To a person looking for a source of peace and meaning, this Deen is a way of life he will do anything to grab hold of. To a longtime sinning person, when he starts learning about his Deen, he never wants to go back to the way he was. To a person who held onto the Deen since birth, it is way of life he would not trade for the world, for he considers it a blessing from Allah subhana wa ta’ala. Why is this? What is it about this Deen that causes us to love, respect, and treasure it more than a irreplaceable jewel? Last week, the Rutgers Muslim Student Association hosted the event, “A Tale of Three Shahadas” to help shed light on how special this Deen really is and why we should not take it for granted.
ROOTS, the da’wah initiative of the MSA, invited three reverts, Brother Ameer Sharma, Brother Abu Sumayyah and Sister Nahela Morales, to share their beautiful journey to Islam and serve as reminders to many of us that this Deen shapes and makes us who we are. Brother Ameer began by explaining the minimum amount of knowledge he actually had of Muslims and was first introduced and exposed to Islam when the hijab was banned in France. His interest sparked when he heard Muslim women would rather leave university than take off their hijabs, which helped him realize there is an absolute certainty in the hearts of these people that causes them to make such a decision. His interest in Islam increased when a brother was able to relate ayas (miraculous signs/verses) to more modern practical examples. This helps us realize the commands of Allah subhana wa ta’ala and what He says is not only for the Muslims of the past, but for the present people as well.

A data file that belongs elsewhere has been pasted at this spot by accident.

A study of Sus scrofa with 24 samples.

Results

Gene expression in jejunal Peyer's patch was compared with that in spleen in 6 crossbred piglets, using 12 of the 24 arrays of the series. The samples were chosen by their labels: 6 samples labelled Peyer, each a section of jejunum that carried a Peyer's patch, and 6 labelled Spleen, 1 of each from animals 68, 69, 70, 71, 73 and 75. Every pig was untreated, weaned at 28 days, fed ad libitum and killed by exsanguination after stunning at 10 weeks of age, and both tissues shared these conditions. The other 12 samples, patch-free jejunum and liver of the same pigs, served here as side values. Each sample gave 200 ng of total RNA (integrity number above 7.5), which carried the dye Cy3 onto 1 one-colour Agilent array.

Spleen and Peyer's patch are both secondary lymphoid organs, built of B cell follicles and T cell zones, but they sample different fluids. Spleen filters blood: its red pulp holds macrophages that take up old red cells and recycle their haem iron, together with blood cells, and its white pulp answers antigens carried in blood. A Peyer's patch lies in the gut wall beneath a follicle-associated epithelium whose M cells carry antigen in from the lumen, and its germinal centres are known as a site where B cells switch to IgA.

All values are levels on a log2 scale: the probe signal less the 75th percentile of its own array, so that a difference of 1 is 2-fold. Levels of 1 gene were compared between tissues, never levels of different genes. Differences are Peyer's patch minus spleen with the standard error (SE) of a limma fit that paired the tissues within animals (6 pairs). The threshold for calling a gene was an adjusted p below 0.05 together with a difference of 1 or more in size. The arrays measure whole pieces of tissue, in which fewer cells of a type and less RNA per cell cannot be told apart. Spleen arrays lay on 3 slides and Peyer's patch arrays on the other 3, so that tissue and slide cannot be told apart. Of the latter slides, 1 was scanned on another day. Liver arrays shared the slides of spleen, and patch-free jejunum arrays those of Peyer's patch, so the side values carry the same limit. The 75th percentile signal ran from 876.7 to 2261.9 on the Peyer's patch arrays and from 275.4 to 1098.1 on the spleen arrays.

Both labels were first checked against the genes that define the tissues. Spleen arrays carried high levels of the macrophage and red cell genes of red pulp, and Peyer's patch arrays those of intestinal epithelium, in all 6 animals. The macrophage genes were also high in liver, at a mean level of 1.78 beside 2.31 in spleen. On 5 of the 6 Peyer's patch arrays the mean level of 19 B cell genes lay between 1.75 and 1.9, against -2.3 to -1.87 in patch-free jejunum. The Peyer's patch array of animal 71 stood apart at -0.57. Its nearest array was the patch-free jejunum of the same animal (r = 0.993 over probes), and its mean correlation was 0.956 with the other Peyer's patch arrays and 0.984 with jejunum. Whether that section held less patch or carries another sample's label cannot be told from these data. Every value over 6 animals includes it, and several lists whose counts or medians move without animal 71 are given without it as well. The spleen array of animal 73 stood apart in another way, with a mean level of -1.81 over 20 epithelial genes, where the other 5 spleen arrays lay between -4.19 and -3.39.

Sister Nahela Morales kindly shared with us her encounter with Islam. It began with the attack on 9/11 and escalated into curiosity. Though her curiosity did not immediately cause her to take her Shahada, a few years later, she realized she was not content. Though she had everything superficial, something inside her felt empty which became her reason to take her Shahada.
When asked for any advice she may have for other Muslim brothers and sisters she said, “Many of us leave our families along the way, you become our family…shelter them, invite them…to an ordinary dinner, so they can feel welcome as a part of the community. We should all become one, and the youth can make a difference. Really up to the youth.”
We realize how important the idea of a brotherhood/sisterhood is. Allah subhana wa ta’ala connected us through the Shahada, and it is up to us to keep that bond as strong.
Further insight was given by Brother Abu Sumayyah and his reminder of how this Deen can change us from someone carrying a questionable lifestyle to a person who can be forgiven for their sins entirely by the Will of Allah subhana wa ta’ala and entirely change his life for the better. Part of treasuring this Deen is realizing how it helps us live a better and more fulfilled life. Brother Abu Sumayyah courageously shared with us how he was not among the most pious of men however, after realizing the truth and logical standing that Islam carries; he took his Shahada and continued to look forward. He also humbly shared with us how character is important and how you must practice what you preach. As practicing Muslims, we should undoubtedly appreciate this message, for if we wish to have other people see the good in this Deen, we must try our best to be good as well.
Three inspirational stories on a night where many were enthusiastic and eager to listen. The lessons learned and the questions asked were all incumbent to our growth and development in becoming better practicing Muslims, Alhamdulillah. Something that we all should realize is we are not doing a favor for this Deen, but this Deen is doing a favor for us. We are the ones who are in need, not Allah subhana wa ta’ala. This way of life is no doubt a blessing to be treasured, and we must remind ourselves how much we are actually affected by its beauty. Ask yourself, why do you love this Deen?